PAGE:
It is difficult for me to begin to write this as the news of the current presidential administrative disaster announcing, through Jeff Sessions and the Justice Department, that they will be eliminating DACA, which stands for Deferred Action for Childhood Arrivals, is still raw. Most of those affected by the decision are of Hispanic/Latino origin. They are often referred to and refer to themselves as Dreamers.
These are our friends, family members, and people who we have grown up with. They have committed no crime. They came as children to what is propogized as the "the land of the free, and home of the brave." We certainly know that the "free" part of that hasn't been and isn't for everyone, but the part about "brave" is so ironic to me. The term should be replaced with "cowardly" because that is what is on display with this decision.
It is a cowardly move to not deal with the citizenship status of 800,000 human beings and outstanding members of this society. It is coawardly that the reasoning is steeped in "the law." It is cowardly (and the height of irony) because the disgraced former Sheriff Joe Arpaio of Arizona was pardoned by this administration after being guilty of civil rights violations (actual convicted of contempt of court for ignoring court order not to arrest people suspected to be undocumented) against Brown people! He targeted people because of their skin color, but he was pardoned! And finally, it is cowardly because this country still refuses to deal with the issue of race, and is becoming more and more unhinged because of it!
The decision is not surprising, as the current occupant of the White House did promise to take away DACA protections when he was campaigning for president. It is inevitable that people will bring up the fact that the administration's decision is right because legally those protected under DACA are not citizens of the United States. While these things are true, we cannot ignore the disgrace that it is. What this administration has done is inhumane and immoral. And anyone arguing with any sense of moral high ground based on the law needs to go sit down somewhere. Many things have been legal in this country: slavery, forced removal and genocide of Native Americans, Jim and Jane Crow, and internment of Japanese citizens. This is just to name a few things so that the overall point can be properly illustrated. What those things have in common is that they all affected non-white populations of people.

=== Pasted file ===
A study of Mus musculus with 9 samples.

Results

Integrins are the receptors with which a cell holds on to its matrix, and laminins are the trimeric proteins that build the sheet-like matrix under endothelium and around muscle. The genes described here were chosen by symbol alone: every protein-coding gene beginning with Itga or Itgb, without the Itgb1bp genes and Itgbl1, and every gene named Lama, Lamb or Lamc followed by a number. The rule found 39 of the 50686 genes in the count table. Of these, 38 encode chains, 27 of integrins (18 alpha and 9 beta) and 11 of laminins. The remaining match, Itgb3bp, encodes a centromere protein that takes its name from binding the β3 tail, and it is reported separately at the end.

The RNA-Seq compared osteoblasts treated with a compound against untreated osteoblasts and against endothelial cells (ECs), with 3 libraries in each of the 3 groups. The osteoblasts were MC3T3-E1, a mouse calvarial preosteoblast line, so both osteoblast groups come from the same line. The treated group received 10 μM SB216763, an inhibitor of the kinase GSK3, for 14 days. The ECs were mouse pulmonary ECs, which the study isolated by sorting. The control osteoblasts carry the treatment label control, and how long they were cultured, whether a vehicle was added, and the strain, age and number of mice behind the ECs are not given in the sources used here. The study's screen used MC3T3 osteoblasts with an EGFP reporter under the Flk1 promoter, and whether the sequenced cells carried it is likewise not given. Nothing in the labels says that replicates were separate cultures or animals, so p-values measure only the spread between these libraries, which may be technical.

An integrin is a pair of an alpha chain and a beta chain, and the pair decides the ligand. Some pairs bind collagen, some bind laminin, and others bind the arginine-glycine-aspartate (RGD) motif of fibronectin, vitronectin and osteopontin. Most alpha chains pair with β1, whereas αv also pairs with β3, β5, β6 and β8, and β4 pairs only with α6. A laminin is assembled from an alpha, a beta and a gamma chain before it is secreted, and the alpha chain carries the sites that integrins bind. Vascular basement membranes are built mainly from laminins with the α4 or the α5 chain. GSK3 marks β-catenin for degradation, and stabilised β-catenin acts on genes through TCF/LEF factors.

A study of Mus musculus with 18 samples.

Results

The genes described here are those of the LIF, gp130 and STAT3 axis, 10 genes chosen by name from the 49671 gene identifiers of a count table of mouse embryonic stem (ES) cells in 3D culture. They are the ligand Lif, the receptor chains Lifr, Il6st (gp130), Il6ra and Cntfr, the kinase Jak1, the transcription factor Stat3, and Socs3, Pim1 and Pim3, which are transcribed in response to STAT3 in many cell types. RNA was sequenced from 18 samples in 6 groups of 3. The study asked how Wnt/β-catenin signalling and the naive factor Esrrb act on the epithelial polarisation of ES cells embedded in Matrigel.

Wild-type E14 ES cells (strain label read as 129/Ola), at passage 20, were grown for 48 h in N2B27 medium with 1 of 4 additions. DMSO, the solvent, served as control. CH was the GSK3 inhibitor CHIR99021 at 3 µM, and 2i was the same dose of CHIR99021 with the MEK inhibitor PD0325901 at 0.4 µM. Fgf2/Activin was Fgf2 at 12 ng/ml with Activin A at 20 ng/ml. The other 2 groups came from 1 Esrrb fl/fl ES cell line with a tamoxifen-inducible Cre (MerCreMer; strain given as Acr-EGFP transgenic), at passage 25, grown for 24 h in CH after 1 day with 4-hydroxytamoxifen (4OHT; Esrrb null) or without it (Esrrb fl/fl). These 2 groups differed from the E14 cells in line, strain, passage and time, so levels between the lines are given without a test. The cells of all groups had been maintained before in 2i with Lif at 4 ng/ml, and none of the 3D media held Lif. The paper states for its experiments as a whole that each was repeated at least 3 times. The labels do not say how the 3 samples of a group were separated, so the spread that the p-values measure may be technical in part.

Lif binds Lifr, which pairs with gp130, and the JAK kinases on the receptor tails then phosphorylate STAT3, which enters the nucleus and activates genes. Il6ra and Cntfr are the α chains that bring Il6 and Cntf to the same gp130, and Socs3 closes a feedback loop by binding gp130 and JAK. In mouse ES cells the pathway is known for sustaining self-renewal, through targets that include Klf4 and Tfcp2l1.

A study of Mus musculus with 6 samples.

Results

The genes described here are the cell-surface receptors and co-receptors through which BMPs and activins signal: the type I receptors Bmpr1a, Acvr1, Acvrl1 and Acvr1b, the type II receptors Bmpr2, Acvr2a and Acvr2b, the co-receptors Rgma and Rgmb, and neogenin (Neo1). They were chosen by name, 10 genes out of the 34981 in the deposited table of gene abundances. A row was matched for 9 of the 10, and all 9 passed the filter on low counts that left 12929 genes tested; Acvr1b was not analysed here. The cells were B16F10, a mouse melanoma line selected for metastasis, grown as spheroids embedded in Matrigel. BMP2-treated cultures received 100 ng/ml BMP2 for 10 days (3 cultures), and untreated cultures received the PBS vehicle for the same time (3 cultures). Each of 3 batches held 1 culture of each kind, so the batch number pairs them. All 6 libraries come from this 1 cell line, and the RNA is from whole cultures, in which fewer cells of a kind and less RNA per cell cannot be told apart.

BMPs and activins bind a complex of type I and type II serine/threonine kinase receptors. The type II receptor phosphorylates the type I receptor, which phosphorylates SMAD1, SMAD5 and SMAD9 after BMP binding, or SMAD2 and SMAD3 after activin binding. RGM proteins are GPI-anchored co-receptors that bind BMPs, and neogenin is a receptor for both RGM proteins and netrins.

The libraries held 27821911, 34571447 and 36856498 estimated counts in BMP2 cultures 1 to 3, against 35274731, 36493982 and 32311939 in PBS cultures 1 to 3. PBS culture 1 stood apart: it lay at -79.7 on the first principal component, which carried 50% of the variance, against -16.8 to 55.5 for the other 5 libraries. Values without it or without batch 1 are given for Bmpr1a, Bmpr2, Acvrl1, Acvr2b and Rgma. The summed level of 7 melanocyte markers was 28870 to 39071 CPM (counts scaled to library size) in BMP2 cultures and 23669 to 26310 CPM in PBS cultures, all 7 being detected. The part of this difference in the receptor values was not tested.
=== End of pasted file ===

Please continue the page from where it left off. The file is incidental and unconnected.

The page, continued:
I want to state this unequivocally, so that there is no room for confusion. If the 800,000 DACA beneficiaries were white populations from a European country, DACA would not even be in harms way. This is without question. It is no secret whose desires this current administration serves.
When the current White House occupant began his campaign, he began by calling Mexicans "rapists" and "murderers." His big idea during said campaign was to build a wall along the border states with Mexico. He never suggested doing the same with Canada, but once again, there is a difference based on skin color. Canada is still a largely white country. By targeting the border wall with Mexico, the campaign and then administration's goal was to play to the racists elements still very present in American (U.S.) society.
This targeting of immigration and our immigrant brothers and sisters also played into their narrative about restoring jobs that had been taken away from the American worker. This played well in areas that have been hit hard economically by what is a rapidly changing world. Instead of acknowledging the vast changes that are occurring, which affect the type of jobs available to people, they look for scapegoats. And who always ends up the scapegoats when there is a problem or a perceived problem? Yes, racial minorities! In this case, our Hispanic and Latino sisters and brothers, especially of Mexican origin.
The bottom line is that the decision handed down today is morally reprehensible, it is devoid of empathy, lacks any semblance of humanity, and is downright racist in its origin and function.
This is not a Christian nation by any stretch of the imagination, but it would do some good to highlight what scripture says about the "foreigner" (I use that word apprehensively because I recognize Dreamers as fellow citizens, but too many do not and often claim Christian identity. That's what it boils down to, fear of the other/foreigner/stranger. "They're not like us.).
The following scripture passages talk about how someone considered a "foreigner" should be treated justly (or given justice), should be treated as a member of the community would be, and/or speaks pejoratively about how they are being treated unfairly in a given context:
This is definitely not an exhaustive list, but it is a representative sampling size. It is not used much in the same way as the Old Testament in the New. Jesus, however, talks about the "stranger" being "invited in" in Matthew 25.
(Note: You can also look at how Moses was treated in Exodus when he fled Egypt.)